Salesbury this week!Blogs Page
Salesbury this week!Blogs Page
We do not know, for sure, the impact the Covid-19 Pandemic and its associated experiences has had on our pupils and their families. Each family’s circumstances will have been different but we do share a common thread – this common thread is loss.
This may be the loss of routine, structure, financial security, emotional security, opportunities, freedoms, friendships and familiarity. We know that this situation can trigger anxiety – and we know the anxious child is not a learning child. It is therefore crucial that at Salesbury Church of England Primary School, we do not overlook this and simply try to do what we have always done.
All of our learners will need a holistic recovery, some may need a focused recovery intervention programme, personalised to their needs; others may need a deeper, more sustained recovery period. We know that schools are so much more than places which provide education - they are about people, relationships and communities. We exemplify values; we model relationships required for modern life to function: we nurture collaboration and friendship.
In June 2020, we supported some of our learners back into school with a bespoke curriculum ‘All Creatures Great and Small.’
This allowed time for routine, restorative discussions, activities, and reflections. Our learners were supported with the addition of visual timetables, and for some supportive resources such as Social Stories, Wellbeing Boxes and Journal Activities were used. Collective Worship happened at the start of each day within our Bubbles providing prayer, reflection and guidance. We also made minor adaptations to our 5 minutes for heart, body and mind to allow this to become learning habits within our own Bubbles. The children enjoyed some super experiences and quickly settled into a learning rhythm and enjoyed their new routine. Lots of laughter, activity and learning!
We know that this short experience at school will not be sufficient to meet our learners needs; we know that some of our children have not attended school at all. We will therefore be extending our Recovery Curriculum into September with a whole school unit which has been specifically designed for purpose.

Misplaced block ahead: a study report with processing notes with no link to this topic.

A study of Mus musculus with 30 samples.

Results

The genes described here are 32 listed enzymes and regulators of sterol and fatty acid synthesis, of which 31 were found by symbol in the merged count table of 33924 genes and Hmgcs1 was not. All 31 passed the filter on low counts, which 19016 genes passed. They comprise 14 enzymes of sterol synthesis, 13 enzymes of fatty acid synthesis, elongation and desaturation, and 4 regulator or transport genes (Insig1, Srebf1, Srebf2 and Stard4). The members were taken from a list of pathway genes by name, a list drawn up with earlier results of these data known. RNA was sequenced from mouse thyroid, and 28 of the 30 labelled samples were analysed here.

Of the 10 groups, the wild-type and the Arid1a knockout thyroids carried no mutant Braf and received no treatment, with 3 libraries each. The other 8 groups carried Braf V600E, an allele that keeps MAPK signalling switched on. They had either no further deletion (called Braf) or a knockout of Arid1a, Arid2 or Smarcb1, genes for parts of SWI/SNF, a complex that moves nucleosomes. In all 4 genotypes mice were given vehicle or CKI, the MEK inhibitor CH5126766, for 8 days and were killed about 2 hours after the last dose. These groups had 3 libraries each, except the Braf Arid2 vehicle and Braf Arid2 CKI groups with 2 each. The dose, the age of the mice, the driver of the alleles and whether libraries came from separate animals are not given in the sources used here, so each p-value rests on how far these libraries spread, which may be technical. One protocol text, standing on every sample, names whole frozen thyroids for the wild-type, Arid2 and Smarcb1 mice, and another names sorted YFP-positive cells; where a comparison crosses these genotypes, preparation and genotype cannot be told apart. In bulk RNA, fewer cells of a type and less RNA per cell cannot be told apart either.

This is a framework for children to re-engage socially with each other and their wider community and provides children with
opportunities to engage positively with the outdoor environment;
stimulation for thinking and talking about world events and the impact of these events on individuals and the wider world;
a safe forum to share thoughts, concerns, ideas and personal responses;
the use of art and writing to help children respond personally to experiences they have had.
We will then transition into our historical biased unit. Again, this has been adapted to allow children to engage with narrative, thought and emotion while developing their historical skills, knowledge and understanding. Our units have been inspired by high-quality historical fiction which we know will engage and ignite our pupils.
Our recovery curriculum needs to balance how to learn best with what to learn. This is summarised from the work of Barry Carpenter, taken from his Recovery Curriculum model:
“A learning community’s well-being has a lot to do with the quality of relationships, cohesion, inter-dependence and belonging.”
Lever 1: Relationships – we can’t expect our students to return joyfully, and many of the relationships that were thriving, may need to be invested in and restored. We need to plan for this to happen, not assume that it will. Reach out to greet them, use the relationships we build to cushion the discomfort of returning.
Lever 2: Community – we must recognise that curriculum will have been based in the community for a long period of time. We need to listen to what has happened in this time, understand the needs of our community and engage them in the transitioning of learning back into school.
Lever 3: Transparent Curriculum – all of our students will feel like they have lost time in learning and we must show them how we are addressing these gaps, consulting and co-constructing with our students to heal this sense of loss.
Lever 4: Metacognition – in different environments, students will have been learning in different ways. It is vital that we make the skills for learning in a school environment explicit to our students to reskill and rebuild their confidence as learners.
Lever 5: Space – to be, to rediscover self, and to find their voice on learning in this issue. It is only natural that we all work at an incredible pace to make sure this group of learners are not disadvantaged against their peers, providing opportunity and exploration alongside the intensity of our expectations.
These levers have been incorporated into our curriculum design for all our children. We will begin to address identified needs immediately. For most children, this will occur within the classroom lesson and through the adaptation of daily teaching. We will also implement Morning Mentoring for a small group of children each day.
Throughout, we will be carefully monitoring, sharing our findings with parents, adapting our teaching, routine and practice and ensuring meeting the needs of all our learners is our priority.
We wish to assure our parents, our community and our children of our commitment to do what we need to do.